I’ve often heard writers talk about the bizarre things they research for their stories. They laugh (a little nervously), and say that if the government were monitoring their Google searches, Homeland Security would probably be on their doorstep within minutes. Speaking for myself, I know that my personal library contains a few suspect reference books, and I might have accidentally left a book on poisons on the coffee table while hosting a family barbecue. (No, really, I forgot it was there. I wasn’t trying to scare off my in-laws.)
Travel research can also be really bizarre. Cool – and tax deductible – but also twisted in a way only authors can appreciate. I’ve twice been to a creepy cemetery in the boondocks of Pennsylvania, researching for The Caged Graves.
I climbed a pyramid in Mexico to plan out the climax of my urban fantasy, The Eighth Day, and took some of the usual, tourist-y pictures.
But I also scoped out the one spot where my hero Jax and his guardian Riley could hunker down and be shielded from bullets if the bad guy were shooting at them from the top of the pyramid. As far as I know, no other tourists at the Pyramid of the Sun were calculating line of sight for guns that day unless they happened to be a) terrorists or b) other writers.
For my most recent release, The Inquisitor’s Mark, the second book in the Eighth Day series, I visited the Central Park Zoo for the specific purpose of breaking into the snow leopard enclosure. Uh, fictionally breaking into it, that is.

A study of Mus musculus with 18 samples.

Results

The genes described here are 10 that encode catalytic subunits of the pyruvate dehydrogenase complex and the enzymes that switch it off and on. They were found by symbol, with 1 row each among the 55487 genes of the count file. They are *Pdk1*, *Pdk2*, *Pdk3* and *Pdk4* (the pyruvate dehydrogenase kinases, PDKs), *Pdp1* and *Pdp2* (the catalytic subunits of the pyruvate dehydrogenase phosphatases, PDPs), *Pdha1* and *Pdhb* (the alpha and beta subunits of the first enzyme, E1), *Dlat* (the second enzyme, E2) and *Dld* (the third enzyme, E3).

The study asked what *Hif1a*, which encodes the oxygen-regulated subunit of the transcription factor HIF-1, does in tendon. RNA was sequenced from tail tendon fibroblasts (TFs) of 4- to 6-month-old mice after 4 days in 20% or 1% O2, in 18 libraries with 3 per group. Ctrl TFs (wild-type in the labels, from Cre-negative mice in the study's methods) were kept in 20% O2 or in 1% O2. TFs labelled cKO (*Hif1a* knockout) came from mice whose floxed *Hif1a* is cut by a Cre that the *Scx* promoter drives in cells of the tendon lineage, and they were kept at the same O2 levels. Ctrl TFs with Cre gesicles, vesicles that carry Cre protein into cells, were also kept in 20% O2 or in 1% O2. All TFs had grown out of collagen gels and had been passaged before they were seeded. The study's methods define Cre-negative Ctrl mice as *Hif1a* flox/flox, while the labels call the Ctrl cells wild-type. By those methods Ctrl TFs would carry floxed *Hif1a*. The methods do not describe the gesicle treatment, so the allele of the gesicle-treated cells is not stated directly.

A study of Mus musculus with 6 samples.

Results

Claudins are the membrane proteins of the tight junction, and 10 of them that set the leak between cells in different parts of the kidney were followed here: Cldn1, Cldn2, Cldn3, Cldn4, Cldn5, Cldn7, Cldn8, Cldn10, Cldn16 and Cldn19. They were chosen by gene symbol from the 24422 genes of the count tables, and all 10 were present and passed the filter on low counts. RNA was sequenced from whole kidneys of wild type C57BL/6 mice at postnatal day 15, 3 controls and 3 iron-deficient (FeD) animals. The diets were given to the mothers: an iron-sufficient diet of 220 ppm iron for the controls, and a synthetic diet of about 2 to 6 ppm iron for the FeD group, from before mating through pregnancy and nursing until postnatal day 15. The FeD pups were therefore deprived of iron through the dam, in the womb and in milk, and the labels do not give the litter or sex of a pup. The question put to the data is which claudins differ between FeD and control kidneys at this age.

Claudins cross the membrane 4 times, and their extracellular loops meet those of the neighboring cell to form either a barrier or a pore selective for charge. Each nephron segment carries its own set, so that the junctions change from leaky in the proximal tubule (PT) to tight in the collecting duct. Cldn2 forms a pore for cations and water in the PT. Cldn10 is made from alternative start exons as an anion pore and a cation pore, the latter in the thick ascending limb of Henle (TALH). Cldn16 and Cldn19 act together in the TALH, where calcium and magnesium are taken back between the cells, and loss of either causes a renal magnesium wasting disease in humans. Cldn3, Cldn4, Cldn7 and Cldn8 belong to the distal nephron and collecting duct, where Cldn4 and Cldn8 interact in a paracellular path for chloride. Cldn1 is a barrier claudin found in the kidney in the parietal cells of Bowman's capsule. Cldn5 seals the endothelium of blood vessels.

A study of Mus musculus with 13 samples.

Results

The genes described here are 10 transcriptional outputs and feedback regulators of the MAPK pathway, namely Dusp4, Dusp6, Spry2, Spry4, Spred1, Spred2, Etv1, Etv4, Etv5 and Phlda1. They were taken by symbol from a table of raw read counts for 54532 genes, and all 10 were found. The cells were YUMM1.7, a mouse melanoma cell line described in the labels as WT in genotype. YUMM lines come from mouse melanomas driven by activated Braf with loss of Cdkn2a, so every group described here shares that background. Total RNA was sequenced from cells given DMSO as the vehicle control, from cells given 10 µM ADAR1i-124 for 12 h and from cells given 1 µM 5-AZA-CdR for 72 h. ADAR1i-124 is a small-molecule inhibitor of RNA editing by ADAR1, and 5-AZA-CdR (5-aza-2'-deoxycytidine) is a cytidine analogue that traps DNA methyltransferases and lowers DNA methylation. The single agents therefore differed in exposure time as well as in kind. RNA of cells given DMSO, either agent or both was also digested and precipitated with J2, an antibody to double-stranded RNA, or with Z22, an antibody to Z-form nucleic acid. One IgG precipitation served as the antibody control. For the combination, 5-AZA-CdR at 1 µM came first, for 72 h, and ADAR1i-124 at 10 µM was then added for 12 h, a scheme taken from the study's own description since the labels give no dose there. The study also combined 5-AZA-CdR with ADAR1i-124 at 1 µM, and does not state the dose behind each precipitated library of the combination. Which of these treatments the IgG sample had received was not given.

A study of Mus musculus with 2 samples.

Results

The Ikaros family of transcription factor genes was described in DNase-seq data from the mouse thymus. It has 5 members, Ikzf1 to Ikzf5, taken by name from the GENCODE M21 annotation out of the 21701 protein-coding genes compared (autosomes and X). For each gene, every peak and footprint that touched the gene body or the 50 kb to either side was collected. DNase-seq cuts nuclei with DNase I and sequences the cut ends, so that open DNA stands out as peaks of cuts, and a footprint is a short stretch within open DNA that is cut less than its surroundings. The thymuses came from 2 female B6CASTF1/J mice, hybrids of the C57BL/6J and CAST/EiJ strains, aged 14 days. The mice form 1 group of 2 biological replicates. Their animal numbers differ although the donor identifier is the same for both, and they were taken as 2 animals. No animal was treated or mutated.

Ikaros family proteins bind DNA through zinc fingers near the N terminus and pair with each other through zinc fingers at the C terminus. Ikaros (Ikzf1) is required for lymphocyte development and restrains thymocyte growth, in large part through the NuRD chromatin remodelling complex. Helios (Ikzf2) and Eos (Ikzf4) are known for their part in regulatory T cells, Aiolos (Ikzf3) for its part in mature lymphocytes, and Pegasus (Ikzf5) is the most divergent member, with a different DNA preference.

You see, in the second book, Jax and two of his friends are being chased through the zoo by bad guys, and my original plan was for them to climb the plexiglass wall overlooking the polar bear exhibit, hang from the opposite side, and then drop into the enclosure. I didn’t even visit the zoo to plan the scene – just looked at pictures online and wrote it all out.
But one of my editors (a frequent zoo visitor) pointed out that the beloved Central Park polar bear, Gus, had recently died and that the fate of this exhibit was uncertain. It might get turned into a penguin exhibit. Hiding with penguins didn’t have the same impact as hiding with polar bears. But the only other carnivores at the Central Park Zoo are the snow leopards, and that enclosure is completed fenced in, including the top of it. How would Jax and his friends get in?
The only solution to this plot dilemma was a trip to NYC and Central Park Zoo to see the enclosure for myself. Suffice it to say, I did figure out a way to get inside. While I was documenting this with pictures, one of the snow leopards sauntered into view, delighting the zoo-goers, who snapped dozens of pictures. If I had been one of them, I’d be showing you a photo of a snow leopard now. Unfortunately, all I’ve got for you are eye-bolts. I missed the leopard.
And to top-off my weirdo visit to the zoo, I posted some pictures on Facebook and declared triumphantly that I’d found a “flaw” in the snow leopard enclosure.
OMG, one of my FB friends posted, I hope you reported it!!!!!
Sigh. Another Homeland Security moment.
***Thanks a bunch for coming by, Dianne, and readers, I will announce the winner of the giveaway next Monday. Have a great week!